The average person takes 8,000 to 10,000 steps a day, which adds up to about 115,000 miles over a lifetime! All this wear and tear on your feet can be harmful if they are not maintained properly.
Pedicures are generally defined as basic foot care or as cosmetic treatments for feet. But in actual fact they do not only have a cosmetic function, and are not modern treatments, as one might suppose. They date back over 4,000 years to the ancient Babylonians, who practiced this procedure to pamper feet and toenails (“pamper” being the operative word, since they used solid gold tools!)
The word pedicure comes from the Latin, a combination of the words pes (foot), and cura (care). Far back in history, these treatments were given to prevent disorders and diseases of the nails. Since these ancient times, pedicures have traditionally been used to clip the toenails, prevent infection, and soften the feet by removing dead skin.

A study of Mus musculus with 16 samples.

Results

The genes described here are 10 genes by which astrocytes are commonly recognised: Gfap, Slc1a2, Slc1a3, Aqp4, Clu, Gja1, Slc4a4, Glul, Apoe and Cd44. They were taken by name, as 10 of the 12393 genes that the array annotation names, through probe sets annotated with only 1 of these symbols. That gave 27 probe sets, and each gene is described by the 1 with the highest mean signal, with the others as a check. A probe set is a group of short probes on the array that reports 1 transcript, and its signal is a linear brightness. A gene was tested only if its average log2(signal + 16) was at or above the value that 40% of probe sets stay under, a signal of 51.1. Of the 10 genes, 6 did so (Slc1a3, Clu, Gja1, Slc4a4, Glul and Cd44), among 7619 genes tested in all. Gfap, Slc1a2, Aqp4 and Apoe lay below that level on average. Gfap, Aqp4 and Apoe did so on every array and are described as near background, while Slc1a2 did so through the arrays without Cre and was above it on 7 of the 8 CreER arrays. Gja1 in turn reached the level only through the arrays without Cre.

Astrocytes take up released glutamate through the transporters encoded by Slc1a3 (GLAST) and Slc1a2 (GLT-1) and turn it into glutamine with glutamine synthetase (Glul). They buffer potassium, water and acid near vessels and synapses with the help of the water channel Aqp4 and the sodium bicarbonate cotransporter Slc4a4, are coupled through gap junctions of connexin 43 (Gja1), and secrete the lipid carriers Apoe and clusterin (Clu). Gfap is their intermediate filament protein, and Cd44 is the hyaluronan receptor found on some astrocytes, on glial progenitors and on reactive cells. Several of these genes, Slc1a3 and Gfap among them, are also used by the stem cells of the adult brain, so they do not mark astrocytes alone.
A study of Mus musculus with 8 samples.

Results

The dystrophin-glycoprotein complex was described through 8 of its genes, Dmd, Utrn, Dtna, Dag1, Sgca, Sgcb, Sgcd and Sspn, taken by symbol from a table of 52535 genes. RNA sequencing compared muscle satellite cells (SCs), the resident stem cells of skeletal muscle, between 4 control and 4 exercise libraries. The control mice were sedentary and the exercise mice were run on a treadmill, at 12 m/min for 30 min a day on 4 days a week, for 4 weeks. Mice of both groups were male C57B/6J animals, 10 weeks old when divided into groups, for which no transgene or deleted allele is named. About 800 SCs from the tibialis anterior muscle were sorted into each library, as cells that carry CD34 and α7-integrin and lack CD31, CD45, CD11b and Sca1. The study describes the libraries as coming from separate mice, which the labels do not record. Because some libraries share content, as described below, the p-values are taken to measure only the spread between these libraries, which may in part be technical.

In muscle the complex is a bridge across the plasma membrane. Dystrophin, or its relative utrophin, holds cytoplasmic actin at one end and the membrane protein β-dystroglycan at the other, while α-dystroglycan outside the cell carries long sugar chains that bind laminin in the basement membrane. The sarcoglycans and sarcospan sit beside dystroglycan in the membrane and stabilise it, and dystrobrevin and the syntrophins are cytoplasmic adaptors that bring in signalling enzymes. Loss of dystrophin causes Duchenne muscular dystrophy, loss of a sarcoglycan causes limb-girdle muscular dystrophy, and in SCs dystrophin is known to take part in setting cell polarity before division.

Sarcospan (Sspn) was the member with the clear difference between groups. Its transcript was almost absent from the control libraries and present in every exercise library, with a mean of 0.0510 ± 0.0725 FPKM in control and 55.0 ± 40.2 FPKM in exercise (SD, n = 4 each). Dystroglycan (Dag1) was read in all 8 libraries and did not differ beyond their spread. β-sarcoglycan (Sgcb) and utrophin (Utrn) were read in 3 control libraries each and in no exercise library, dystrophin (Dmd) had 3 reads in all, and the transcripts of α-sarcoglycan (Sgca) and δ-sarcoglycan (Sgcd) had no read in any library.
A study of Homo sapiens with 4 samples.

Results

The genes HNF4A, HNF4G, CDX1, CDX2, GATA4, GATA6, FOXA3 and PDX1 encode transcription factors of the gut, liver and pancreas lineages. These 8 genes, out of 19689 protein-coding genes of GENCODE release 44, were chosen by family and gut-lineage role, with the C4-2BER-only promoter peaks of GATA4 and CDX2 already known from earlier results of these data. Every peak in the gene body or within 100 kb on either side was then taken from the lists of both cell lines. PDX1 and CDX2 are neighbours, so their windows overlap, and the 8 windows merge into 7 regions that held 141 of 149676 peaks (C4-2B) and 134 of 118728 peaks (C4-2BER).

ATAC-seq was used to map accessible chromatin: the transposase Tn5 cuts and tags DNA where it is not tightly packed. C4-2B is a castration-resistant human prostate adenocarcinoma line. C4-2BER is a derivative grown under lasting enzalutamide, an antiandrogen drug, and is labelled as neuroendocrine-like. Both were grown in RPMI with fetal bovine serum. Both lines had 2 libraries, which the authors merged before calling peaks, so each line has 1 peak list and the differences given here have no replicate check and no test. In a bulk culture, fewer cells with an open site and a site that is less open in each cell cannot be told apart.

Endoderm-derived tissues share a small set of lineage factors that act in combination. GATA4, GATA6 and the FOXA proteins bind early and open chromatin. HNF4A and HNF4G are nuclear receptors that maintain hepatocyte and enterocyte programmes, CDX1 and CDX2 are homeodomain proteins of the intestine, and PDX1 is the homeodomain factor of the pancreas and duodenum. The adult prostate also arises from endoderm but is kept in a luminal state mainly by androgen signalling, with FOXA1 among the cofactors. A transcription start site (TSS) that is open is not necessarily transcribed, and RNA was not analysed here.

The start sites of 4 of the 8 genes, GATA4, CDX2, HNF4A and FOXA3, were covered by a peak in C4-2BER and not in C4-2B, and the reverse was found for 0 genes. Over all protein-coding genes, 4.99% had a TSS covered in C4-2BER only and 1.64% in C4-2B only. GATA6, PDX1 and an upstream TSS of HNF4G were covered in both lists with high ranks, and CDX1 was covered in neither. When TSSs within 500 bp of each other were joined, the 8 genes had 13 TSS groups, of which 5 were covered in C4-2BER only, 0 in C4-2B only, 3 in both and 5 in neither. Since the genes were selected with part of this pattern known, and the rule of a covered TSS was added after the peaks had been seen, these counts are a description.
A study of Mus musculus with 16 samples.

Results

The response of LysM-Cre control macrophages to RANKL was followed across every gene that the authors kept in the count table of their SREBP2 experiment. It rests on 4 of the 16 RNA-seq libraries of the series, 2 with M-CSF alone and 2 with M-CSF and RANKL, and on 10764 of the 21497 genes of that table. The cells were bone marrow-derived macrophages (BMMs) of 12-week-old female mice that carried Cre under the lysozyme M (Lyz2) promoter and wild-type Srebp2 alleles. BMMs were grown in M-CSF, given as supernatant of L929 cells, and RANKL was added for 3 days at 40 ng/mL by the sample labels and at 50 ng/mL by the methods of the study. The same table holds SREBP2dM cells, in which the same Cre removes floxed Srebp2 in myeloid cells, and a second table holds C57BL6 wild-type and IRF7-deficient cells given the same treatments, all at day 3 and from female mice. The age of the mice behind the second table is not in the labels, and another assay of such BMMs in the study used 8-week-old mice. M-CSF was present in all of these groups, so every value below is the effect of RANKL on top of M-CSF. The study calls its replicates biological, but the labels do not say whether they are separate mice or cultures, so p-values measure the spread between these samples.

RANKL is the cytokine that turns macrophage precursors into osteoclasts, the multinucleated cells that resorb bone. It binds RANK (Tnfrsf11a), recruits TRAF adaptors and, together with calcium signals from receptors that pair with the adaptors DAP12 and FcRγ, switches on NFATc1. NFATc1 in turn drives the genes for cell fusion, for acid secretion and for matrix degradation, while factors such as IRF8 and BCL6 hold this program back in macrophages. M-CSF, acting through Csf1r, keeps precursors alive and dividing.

These procedures also help the posture, since they smooth and relax the feet, and prevent problems with toenails, e.g. ingrown ones, which can cause pain and limping.
Today, pedicures are a way of life for both men and women. Some doctors recommend their patients have these treatments for their health. However, they can have health risks as well as benefits, which means that it is important to seek the advice of a podiatrist before considering having the procedure.
The American Podiatric Medical Association website gives a helpful and comprehensive list of Dos and Don’ts for your feet before you consider getting a pedicure, whether doing it yourself or visiting a salon.